Just days before Labor Day, the U.S. Department of Labor (“DOL”) unveiled its Notice of Proposed Rulemaking (“NPRM”), aimed at revising the Fair Labor Standards Act’s overtime exemptions for executive, administrative, and professional employees.
While the proposal—the cornerstone of which is a minimum salary increase to slightly more than $55,000 per year (up from $35,568)—is more measured than many anticipated, it could still have a massive impact across industries and commands employers’ attention.
The Proposed Changes
Contrary to the whirlwind of speculation, the DOL’s proposed changes are more evolutionary than revolutionary. If finalized, the changes would entail:
- Increased salary for “white collar” employees:
The proposed rule would increase the minimum salary level from $684 per week ($35,568 per year) to $1,059 per week ($55,068 per year). Note, however, that, as explained in the Preamble to the proposed rule, the final rule likely will provide for an even higher minimum salary level because, when the final rule is issued, it will use updated wage data.
- Increased total compensation threshold for the “HCE” exemption:
The proposed rule would raise the total annual compensation requirement for the highly compensated employee exemption from $107,432 to $143,988.
- Automatic updating every three years:
The proposed rule would implement a triennial automatic update to these thresholds, designed, the DOL says, to align with shifts in worker salaries and provide employers with a predictable timetable for future adjustments.
- Additional updates for certain territories and industries:
The DOL proposes to update salary levels in U.S. territories and for employees in the motion picture industry.
Notably, the proposed changes would leave the “duties” tests for the exemptions untouched.
The NPRM’s Road Ahead
If the new rules are not subjected to any other delay—whether because of court or congressional challenges—employers would most likely be provided between 60 and 90 additional days to prepare for the rules’ official effective date, which could become law as early as May of this year.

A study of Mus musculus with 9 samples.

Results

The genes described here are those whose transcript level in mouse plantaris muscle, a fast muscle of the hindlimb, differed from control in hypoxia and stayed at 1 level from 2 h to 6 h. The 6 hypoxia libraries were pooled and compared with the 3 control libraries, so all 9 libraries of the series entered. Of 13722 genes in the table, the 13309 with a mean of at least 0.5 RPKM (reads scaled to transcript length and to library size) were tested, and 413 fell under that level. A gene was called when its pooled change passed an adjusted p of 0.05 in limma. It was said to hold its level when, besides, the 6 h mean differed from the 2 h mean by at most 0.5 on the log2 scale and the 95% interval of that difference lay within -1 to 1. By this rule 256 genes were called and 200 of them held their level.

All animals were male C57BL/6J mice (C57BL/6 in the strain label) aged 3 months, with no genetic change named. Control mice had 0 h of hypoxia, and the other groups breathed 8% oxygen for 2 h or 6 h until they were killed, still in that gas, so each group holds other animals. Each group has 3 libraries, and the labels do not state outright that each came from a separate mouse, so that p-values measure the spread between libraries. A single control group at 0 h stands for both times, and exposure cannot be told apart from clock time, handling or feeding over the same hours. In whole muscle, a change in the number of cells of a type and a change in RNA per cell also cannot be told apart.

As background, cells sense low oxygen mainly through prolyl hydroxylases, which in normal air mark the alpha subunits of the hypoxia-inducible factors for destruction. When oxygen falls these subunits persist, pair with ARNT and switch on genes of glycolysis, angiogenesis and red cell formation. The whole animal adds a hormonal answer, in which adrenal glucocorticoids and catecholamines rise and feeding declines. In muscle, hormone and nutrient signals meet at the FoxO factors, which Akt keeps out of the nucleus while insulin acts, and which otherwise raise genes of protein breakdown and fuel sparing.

With respect to court challenges, it is worth remembering that the Obama Administration’s 2016 attempt to overhaul these exemptions in a similar fashion—i.e., an increased salary threshold with automatic, inflation-based increases—was stymied by legal challenges and never came into effect. The DOL’s new proposal is not immune to similar challenges, particularly as we approach another election cycle where compensation issues often become political footballs.
Next Steps for Employers
While it is possible that a final rule will look different in some ways than the proposed rule, businesses should not wait to start planning. At a minimum, it is important for employers to develop an accurate picture and understanding of their exempt workforce—i.e., what roles it comprises, how many incumbents occupy the roles, where they are located, what functions they perform, and, of course, how much they are paid.
Understanding the contours of the exempt population will allow employers to begin thinking strategically to identify and triage the roles that are most likely to be impacted by the new rule or that otherwise command attention during this time of change.
In short, while the DOL’s proposed changes may not be the seismic shift some had predicted, they nonetheless represent a significant evolution in this area of the law that employers will need to plan for, monitor, and be ready to act upon.